Small businesses can dramatically improve their performance, increase profits and achieve greater customer satisfaction if they are willing to take on the challenge of framework working.
Local government spends a staggering £14 billion a year on construction. Increasingly more of this money is channelled through framework agreements, which can provide real opportunities for SMEs.
However, many SMEs are losing out on contracts simply because they think they are too small to compete with larger companies. But this is one time when size really doesn’t count.
Most local authorities are keen to do business with local SMEs, who have the advantage of lower overheads, flexibility and commercial nimbleness over their bigger rivals. More importantly they appreciate the role of small businesses in driving local economies.
Hampshire, for example, is creating a new framework modelled on its successful major works framework for projects worth up to £2.5 million, which is specifically aimed at SMEs.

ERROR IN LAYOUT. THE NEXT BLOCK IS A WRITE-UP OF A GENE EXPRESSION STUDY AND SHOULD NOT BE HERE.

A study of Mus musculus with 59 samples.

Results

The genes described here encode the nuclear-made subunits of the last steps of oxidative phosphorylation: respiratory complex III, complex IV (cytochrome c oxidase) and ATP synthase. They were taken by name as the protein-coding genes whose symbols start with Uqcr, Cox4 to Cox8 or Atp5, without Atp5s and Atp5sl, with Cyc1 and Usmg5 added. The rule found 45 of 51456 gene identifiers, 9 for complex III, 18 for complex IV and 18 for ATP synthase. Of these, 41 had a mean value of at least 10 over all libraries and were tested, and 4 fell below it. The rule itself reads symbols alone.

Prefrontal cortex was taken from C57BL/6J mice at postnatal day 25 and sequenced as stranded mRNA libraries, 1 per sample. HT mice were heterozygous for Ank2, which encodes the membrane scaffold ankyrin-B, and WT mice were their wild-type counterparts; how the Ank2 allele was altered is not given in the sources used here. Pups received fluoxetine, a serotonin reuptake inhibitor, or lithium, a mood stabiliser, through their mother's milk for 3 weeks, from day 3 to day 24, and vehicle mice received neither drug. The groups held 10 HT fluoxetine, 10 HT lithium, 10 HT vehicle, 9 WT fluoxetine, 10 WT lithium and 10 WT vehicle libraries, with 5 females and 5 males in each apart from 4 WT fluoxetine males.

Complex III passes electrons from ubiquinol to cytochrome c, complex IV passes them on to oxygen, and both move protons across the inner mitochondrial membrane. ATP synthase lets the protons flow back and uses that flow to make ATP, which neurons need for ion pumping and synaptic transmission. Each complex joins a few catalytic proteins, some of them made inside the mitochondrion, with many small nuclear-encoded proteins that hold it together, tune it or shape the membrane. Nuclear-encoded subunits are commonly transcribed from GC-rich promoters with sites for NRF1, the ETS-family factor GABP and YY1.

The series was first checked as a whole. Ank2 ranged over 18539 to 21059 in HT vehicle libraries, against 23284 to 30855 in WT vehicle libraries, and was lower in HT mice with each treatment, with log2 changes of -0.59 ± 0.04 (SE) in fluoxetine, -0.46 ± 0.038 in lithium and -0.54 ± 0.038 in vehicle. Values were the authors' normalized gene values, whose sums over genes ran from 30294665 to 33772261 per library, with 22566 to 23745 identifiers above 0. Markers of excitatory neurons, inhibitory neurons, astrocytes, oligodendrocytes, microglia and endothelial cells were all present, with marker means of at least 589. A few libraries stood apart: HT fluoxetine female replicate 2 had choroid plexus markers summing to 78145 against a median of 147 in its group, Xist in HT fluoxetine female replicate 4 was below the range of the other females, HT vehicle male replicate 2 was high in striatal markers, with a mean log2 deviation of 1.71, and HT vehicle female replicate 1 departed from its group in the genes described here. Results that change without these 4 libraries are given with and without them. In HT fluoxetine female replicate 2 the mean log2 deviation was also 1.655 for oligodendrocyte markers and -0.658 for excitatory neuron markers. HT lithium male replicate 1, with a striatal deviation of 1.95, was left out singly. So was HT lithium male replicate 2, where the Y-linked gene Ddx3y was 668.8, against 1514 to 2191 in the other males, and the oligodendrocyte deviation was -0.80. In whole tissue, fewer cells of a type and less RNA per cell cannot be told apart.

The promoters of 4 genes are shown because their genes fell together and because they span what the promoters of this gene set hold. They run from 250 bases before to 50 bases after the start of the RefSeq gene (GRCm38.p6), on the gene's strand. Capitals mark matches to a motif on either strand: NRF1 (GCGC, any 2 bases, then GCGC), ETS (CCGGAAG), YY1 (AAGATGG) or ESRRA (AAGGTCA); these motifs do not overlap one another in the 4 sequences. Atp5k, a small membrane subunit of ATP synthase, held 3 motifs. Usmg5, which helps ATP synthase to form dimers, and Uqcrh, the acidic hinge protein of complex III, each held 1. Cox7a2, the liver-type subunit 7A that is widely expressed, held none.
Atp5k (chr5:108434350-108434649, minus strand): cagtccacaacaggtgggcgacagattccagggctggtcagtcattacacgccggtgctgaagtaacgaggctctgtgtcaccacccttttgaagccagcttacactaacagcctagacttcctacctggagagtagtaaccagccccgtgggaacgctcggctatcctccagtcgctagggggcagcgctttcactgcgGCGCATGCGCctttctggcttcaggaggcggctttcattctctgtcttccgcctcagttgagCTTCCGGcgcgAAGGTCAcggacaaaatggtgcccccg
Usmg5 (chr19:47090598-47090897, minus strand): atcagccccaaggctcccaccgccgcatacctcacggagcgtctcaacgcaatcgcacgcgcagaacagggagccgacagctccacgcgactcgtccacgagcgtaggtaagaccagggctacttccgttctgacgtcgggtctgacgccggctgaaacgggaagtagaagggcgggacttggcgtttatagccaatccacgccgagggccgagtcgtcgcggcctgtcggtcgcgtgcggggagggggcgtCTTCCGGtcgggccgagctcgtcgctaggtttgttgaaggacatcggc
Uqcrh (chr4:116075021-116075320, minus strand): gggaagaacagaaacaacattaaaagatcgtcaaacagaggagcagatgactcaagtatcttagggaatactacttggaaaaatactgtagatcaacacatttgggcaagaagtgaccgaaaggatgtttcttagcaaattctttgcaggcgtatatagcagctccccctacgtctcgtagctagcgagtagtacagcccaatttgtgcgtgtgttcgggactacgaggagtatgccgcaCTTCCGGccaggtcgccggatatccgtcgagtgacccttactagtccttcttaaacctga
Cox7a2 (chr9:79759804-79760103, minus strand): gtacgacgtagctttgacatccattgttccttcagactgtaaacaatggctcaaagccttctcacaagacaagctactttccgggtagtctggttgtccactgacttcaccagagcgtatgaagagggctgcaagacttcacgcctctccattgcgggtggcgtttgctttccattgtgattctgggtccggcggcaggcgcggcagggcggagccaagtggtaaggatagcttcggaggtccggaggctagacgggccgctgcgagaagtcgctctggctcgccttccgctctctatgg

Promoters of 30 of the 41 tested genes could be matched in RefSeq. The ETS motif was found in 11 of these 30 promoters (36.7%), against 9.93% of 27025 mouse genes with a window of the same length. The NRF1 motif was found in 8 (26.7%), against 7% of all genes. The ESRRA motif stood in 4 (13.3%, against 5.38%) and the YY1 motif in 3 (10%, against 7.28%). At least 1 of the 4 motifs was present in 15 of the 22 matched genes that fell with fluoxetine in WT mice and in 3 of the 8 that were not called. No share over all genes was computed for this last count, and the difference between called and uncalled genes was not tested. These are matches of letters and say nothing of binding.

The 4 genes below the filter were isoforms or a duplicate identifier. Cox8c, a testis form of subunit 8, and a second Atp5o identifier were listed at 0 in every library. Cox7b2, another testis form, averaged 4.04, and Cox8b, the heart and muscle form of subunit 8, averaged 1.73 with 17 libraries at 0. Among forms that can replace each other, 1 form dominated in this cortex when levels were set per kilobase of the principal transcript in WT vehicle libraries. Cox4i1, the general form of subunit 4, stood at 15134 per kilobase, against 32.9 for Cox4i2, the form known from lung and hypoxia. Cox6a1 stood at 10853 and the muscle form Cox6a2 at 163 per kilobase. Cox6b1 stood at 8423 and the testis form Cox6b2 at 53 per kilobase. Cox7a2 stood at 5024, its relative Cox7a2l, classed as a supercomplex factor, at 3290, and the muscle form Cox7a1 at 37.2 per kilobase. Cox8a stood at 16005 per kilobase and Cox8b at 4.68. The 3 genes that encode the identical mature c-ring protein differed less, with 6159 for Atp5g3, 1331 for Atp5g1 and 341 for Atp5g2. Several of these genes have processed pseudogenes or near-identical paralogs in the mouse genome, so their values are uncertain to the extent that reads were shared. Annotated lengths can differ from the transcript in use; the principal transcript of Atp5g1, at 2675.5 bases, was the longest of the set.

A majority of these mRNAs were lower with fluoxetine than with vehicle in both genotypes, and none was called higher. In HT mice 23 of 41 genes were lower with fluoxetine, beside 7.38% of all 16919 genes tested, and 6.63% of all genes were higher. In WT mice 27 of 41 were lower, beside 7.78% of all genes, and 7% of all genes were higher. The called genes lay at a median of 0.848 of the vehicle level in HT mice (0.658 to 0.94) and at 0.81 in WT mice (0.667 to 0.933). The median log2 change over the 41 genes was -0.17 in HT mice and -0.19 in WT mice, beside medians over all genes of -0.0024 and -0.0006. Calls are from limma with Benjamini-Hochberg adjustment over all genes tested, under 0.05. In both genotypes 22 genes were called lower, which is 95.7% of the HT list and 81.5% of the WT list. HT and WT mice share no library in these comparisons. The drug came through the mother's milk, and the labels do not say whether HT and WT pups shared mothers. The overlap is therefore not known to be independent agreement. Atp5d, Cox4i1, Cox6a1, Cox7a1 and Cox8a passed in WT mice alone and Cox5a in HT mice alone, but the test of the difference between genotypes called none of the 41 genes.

Leeds is providing scope for 27 smaller builders and specialists to do a variety of jobs.
A recent report by the Local Government Task Force on construction, Taking Advantage: How SMEs Can Become Successful Framework Contractors, gives many more ways in which doors can be opened.
But SMEs must do their bit too. They must change their traditional ways of working to embrace the framework culture and must be willing to adapt to the same terms and conditions as the other team members.
This means working collaboratively with their clients and others in the supply chain - sometimes taking on specific projects, but also contributing to bigger schemes.
They must commit to improving the quality of their service and performance and measure themselves against key performance indicators.
Through training and accreditation, they must gain the necessary skills to operate in a collaborative environment.
This will take time and effort but the gains are enormous.